The Pareto Principle, aka the 80/20 Rule, reigns in construction school, where 80 percent of the work is done by 20 percent of the students.
Our program space is divided into two zones: the classroom and the workshop. One is silent and sterile; the other pounds with noise and swirls with sawdust. French doors separate the rooms. We installed the doors ourselves last trimester.
For reasons I cannot explain, a significant number of students spend the day seated comfortably in the classroom, texting each other and swapping SnapFace memes. They seem mildly annoyed to have to be at construction school, which is puzzling, because they don’t.
Meanwhile, next-door, a minority of the class is hefting 2×4’s, ripping fiber cement, trimming windows, sanding countertops, and explaining the confounding geometry of speed squares to each other, accompanied by the relentless hum and whir of air compressors, saws and finishing guns. We’re building a break room for the Building Construction Technology program, which we affectionately call BCT Cafe. It has a microwave, a fridge, and a butcher-block countertop that we sanded, scribed, leveled, and installed with our own hands and our new skills.
Want to take a guess what factor most strongly correlates with a classmate’s level of engagement, i.e. what determines who is lounging in the classroom and who is laboring in the workshop at any given minute? Hint: It’s not gender, race, or nationality.
Roughly speaking, the over-30 crowd shows up on time and spends the day in the workshop, collaborating, constructing, and cleaning up the mess. I suppose it’s because we, in our relative senescence, have chosen to return to school for specific reasons, and we want to make it count.
And among that elder population, can you guess who is the most diligent and capable sub-group? Hint: It’s not the middle-aged mom.
It’s the veterans.
I suppose it’s because they’ve done harder work under worse circumstances with higher stakes, but they make the most challenging tasks of construction look really easy. No idle chitchat and loafing for those guys. You need windows trimmed? Those guys are trimming windows. You need a soffit? Then it’s soffit on the double.
They’re pretty mum on the topic of military service, but whenever I find myself adjacent to a rare exchange of war stories, I am humbled. All I can say is “Thank you.”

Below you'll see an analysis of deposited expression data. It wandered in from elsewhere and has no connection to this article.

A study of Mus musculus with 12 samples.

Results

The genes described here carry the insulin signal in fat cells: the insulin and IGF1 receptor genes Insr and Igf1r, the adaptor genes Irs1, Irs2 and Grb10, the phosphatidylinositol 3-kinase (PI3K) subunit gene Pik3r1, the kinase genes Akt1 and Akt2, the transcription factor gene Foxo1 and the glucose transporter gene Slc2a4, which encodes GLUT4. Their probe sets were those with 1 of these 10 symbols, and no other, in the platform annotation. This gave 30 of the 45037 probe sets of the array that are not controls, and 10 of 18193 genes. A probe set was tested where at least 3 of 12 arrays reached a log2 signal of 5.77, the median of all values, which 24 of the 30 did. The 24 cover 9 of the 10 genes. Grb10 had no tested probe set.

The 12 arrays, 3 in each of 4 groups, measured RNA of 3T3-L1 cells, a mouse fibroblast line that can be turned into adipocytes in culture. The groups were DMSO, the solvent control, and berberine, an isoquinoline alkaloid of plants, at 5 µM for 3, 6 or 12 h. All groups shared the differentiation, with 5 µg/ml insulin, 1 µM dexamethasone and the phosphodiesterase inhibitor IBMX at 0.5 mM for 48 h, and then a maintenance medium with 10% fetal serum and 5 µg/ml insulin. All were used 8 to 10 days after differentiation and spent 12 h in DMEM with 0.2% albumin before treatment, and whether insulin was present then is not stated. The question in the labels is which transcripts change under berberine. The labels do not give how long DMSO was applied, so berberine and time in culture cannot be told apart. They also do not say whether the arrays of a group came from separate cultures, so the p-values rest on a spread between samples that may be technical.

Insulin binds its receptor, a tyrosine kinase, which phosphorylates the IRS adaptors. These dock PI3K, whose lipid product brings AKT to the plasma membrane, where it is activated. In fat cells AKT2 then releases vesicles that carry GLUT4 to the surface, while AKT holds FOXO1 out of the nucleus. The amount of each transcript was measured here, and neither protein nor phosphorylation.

The veterans are great at solving problems. Two boards don’t fit together? That’s nothing a hammer can’t fix. Roofing math a little confusing? That’s nothing trial and error can’t solve.
While it frustrates many of us senior citizens that the younguns don’t milk this college opportunity for everything it can offer, that they dodge the roaring air compressors and whirling sawdust of the workshop in favor of social media and gossip, I think it bothers the veterans the most.
But, as previously mentioned, ex-military guys are excellent problem-solvers, so here’s what they did:
On a recent morning when the youngsters were settling in to kill the hours until lunch, the Marines snaked a bunch of extension cords through the workshop and lined up all the air compressors right by the French doors. Then they turned on all the air compressors—creating a pounding phalanx of pneumatic percussion—and opened the doors.
Within seconds, classroom conversation disbanded, and, for lack of peace and quiet, everyone relocated to the workshop.
For a few industrious minutes, our 80/20 workforce functioned at 100 percent.
4 thoughts on “A Few Good Men”
From a Tcat HVAC instructor you have hit the nail on the head in most cases about class behavior. My old instructor told me one third of the class doesn’t need you, one third of the class you can help and the last third are just there.